Landing in Maun, Botswana, the airport was awash in small bush planes and one building for passengers to transit. You exit the plane and walk to the terminal -something that became commonplace in Africa -walking to/from your plane which I liked. I had been traveling for four days to get here and had one more flight to go – the small bush flight into Oddballs Camp. There would be five of us on the plane – a British couple living in the US, a Canadian couple and me. We chatted during our wait for the flight and I was lucky that they were all so nice especially as we would be together the next couple of days. We met the pilot and he stuffed the duffels in the storage area and we kept our backpacks on our laps. He eyed us up & down (no time to lie about your weight or suck your stomach in) to figure out how to load us properly and then thankfully using yoga moves we all contorted this way and that way and fit into our seats, buckled up and prepared for the flight. I had gone from a flat bed business class seat with amenities, to a coach seat with a meal to this seat with a seatbelt as the only amenity. Up until this point, I could have been anywhere in the world -everything seemed familiar -airports, hotels, planes, etc. – not until I got on the small plane did it hit me – I’m going on safari!!!!
Flying to Oddballs Safari Camp
The flight was about 30 minutes and we all had our faces pressed to the windows looking down – it was the end of winter, the rains hadn’t yet come for spring so the animals had few water sources. All around us was dusty brown landscapes -you could almost feel how dry it was just looking at it so seeing some water made me feel for the search that the animals do each day and how they are in danger just wanting a drink of water. I was tapped on the shoulder and told to look over there – I did as told since the noise doesn’t give you a chance to chat or hear anything. From the plane, I saw a group of elephants walking together – OMG! It hit me that I was in Botswana going to experience something amazing – I was not fast enough to get my camera together to snap the photo of the elephants but I would have many more opportunities to see elephants. When you travel solo, it is moments like this, feelings that are hard to properly explain when you first experience something, that make me sad others are not with me to share the experience.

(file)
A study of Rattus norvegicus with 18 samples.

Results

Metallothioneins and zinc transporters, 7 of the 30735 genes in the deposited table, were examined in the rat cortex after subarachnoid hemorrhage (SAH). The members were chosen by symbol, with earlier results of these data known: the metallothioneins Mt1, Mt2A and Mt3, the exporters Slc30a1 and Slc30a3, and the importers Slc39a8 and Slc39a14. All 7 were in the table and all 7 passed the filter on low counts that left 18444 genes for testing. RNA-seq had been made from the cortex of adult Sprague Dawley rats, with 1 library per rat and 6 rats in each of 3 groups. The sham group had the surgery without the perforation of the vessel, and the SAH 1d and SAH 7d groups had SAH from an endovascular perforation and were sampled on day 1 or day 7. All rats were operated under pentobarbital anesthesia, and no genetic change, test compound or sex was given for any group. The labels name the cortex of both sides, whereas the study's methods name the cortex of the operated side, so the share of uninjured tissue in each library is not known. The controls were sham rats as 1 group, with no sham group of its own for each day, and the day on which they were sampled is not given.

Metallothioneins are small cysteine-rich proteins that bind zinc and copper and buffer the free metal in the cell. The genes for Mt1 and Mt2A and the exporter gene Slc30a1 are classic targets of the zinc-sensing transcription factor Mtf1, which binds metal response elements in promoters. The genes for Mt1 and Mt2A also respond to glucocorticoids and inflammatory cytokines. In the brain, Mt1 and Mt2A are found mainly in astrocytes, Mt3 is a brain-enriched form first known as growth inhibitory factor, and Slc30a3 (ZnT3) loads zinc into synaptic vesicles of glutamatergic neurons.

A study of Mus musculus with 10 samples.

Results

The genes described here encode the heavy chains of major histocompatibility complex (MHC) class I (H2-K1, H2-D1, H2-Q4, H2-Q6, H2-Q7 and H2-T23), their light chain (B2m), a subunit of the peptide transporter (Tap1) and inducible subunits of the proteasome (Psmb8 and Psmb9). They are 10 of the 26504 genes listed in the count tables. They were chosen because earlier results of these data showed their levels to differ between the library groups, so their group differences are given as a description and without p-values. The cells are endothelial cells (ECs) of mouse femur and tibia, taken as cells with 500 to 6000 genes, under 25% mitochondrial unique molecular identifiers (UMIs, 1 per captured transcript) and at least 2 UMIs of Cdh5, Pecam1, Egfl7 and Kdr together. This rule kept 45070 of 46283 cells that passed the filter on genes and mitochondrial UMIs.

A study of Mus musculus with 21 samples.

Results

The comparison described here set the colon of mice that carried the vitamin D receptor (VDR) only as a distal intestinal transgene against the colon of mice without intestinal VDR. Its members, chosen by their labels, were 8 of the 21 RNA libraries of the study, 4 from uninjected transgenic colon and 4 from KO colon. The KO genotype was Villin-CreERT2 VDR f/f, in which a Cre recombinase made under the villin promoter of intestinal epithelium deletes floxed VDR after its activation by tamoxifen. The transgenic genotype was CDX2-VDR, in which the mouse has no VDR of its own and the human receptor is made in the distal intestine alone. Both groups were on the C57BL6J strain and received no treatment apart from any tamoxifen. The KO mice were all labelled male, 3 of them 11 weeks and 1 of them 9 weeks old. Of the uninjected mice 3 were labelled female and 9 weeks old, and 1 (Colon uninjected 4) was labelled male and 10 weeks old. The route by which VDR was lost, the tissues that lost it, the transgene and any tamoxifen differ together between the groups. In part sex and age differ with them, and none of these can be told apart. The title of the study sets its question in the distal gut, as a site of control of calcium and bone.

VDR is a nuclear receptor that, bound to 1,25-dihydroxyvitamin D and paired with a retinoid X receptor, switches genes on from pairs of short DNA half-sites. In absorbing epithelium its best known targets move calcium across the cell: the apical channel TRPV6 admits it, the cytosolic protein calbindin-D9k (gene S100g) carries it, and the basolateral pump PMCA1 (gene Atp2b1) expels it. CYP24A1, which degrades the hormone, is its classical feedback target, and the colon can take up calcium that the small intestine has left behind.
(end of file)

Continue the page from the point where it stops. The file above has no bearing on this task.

We started our descent which always makes me in awe of pilots – I see nothing, nothing, nothing and all of a sudden, there is a small strip of sand/field that becomes our landing strip. Welcome to Oddballs’ Camp in the Moremi Game Reserve! My travel agent insisted that I stay here for a real, unique safari experience. This was a bit pricey to add – despite the look of the tent, it was expensive and required the separate flights in/out which add cost but to experience the Moremi Game Reserve in the Okavango Delta you need to fly in/out and spend a bit of money to do so. Luckily since I was able to save money using points elsewhere on the trip, this became a reality for me to add to my adventures. We were greeted by many staff and three guides – each couple would have their own guide and mokoro boat – as I was on my own, I was assigned my own guide and mokoro boat.
Arrival at Oddballs Camp in the Okavango Delta of Botswana
Our bags were taken to our tents, we were shown to the bar/common area to meet with the camp manager for introductions and to learn how the camp operated around our safari schedules. We were instructed on the camp and rules (i.e. – free to roam in the day but must be taken to/from tent/common area at night escorted, solar camp so electronics can be charged with the manager in the morning if needed) and then given time to unpack, come back for lunch and then we would go out on our afternoon trek.
My Safari Tent and En-Suite at Oddballs’ Camp
I was taken to my tent, the tent I worried about for months having never camped before (I’m a hotel girl and lack of turn down service or room service constitutes “roughing it”) – my tent was elevated with four stairs and attached to the outside en-suite (haha) bathroom.
While the photos on the website show the bucket shower, I was happy to learn it was a bit more fancy as the bucket gets filled, hoisted and tied to the pole which then directs the water to the attached showerhead. The décor reminded me of Gillian’s Island in a way but no coconut radios or hammocks.
The tent was a standard tent but without the sleeping bags – each tent had two beds with a storage flap next to the beds where I kept my flashlight and bottle of water.
So now all sorted in my tent and ready to go – let’s go on safari!